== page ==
Emerson doesn’t swallow pill take-back program

Island County commissioners sided with 27 county sheriffs in the state, including Island County Sheriff Mark Brown, in sending a letter to state lawmakers urging support for “take back your meds” bills.

It’s common for commissioners to send such a letter supporting bills, programs or grant applications, but this one spawned the first disagreement in years over an official letter from the board.

The proposed bills, currently in both the state House and Senate, would create a medicine return program financed by pharmaceutical manufacturers.

Law enforcement officials have been alarmed at the abuse of prescription pills in recent years and they hope that simply getting unwanted narcotics out of medicine cabinets will help with the problem. A total of 27 sheriffs, along with the Washington Association of Sheriffs and Police Chiefs, endorsed the bills.

Last year, Sheriff Brown helped spearhead a take-back program, funded by the federal government, that netted 300 pounds of pills.

The commissioners’ letter points out that drug overdoses have surpassed auto accidents as the number-one killer in Washington State.

In addition, environmentalists are concerned about the effect drugs can have on the environment, especially the water supply and aquatic life.

But Commissioner Kelly Emerson, a tea party  Republican, was opposed to the board sending a letter supporting the bills. She read from a legislative memo by the Washington Policy Center which argued that there’s no clear evidence that the drugs cause environmental harm.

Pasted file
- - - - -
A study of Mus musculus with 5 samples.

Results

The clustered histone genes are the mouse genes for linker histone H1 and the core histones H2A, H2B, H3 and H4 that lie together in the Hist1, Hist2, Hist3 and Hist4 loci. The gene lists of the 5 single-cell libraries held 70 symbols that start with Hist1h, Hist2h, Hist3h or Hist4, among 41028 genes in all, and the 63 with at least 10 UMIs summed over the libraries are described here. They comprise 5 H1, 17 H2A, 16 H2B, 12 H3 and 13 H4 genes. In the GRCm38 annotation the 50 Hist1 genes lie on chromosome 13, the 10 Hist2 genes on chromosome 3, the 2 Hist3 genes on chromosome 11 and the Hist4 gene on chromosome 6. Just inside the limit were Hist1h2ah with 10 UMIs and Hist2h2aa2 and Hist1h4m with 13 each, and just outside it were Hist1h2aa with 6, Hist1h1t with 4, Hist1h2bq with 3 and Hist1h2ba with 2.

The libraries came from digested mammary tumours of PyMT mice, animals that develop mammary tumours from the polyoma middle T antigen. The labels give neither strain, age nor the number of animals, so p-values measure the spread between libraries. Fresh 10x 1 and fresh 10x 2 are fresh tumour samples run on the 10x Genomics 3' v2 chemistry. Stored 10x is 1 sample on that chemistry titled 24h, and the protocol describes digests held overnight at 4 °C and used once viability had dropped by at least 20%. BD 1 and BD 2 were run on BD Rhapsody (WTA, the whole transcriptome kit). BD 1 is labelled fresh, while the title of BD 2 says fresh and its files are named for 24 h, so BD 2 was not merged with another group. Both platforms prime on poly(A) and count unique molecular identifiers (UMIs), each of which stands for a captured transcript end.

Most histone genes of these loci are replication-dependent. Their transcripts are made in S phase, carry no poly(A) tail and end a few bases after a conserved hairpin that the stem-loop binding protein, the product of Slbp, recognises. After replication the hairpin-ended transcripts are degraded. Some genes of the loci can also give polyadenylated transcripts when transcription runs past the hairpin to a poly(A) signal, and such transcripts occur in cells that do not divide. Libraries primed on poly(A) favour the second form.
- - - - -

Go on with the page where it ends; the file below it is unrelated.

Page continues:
“If passed, these drug take-back proposals would not benefit the environment in any significant way, but would increase the cost of medical care for people who need life-saving drugs,” she said at the commissioners’ Feb. 14 meeting.

In addition, Emerson, reading from the memo, said that the state should conduct a cost-benefit analysis of the state’s top environmental concerns.

“I’m surprised you would urge us to do more study, but I respect your opinion,” responded Commissioner Helen Price Johnson, a Democrat.

Commissioner Angie Homola, also a Democrat, described her own difficulties in trying to dispose of prescription medicine. She found that pharmacies wouldn’t take them back and that the county solid waste department doesn’t have a program to accept pills.

She said the pharmaceutical industry receives $25 billion a year from the government for research.

“They are getting a lot of money from the federal government and I think it’s time for them to help just a little bit,” she said.

In the end, Price Johnson and Homola voted to send the letter to state Rep. Barbara Bailey, Rep. Norma Smith and Sen. Mary Margaret Haugen, while Emerson was opposed.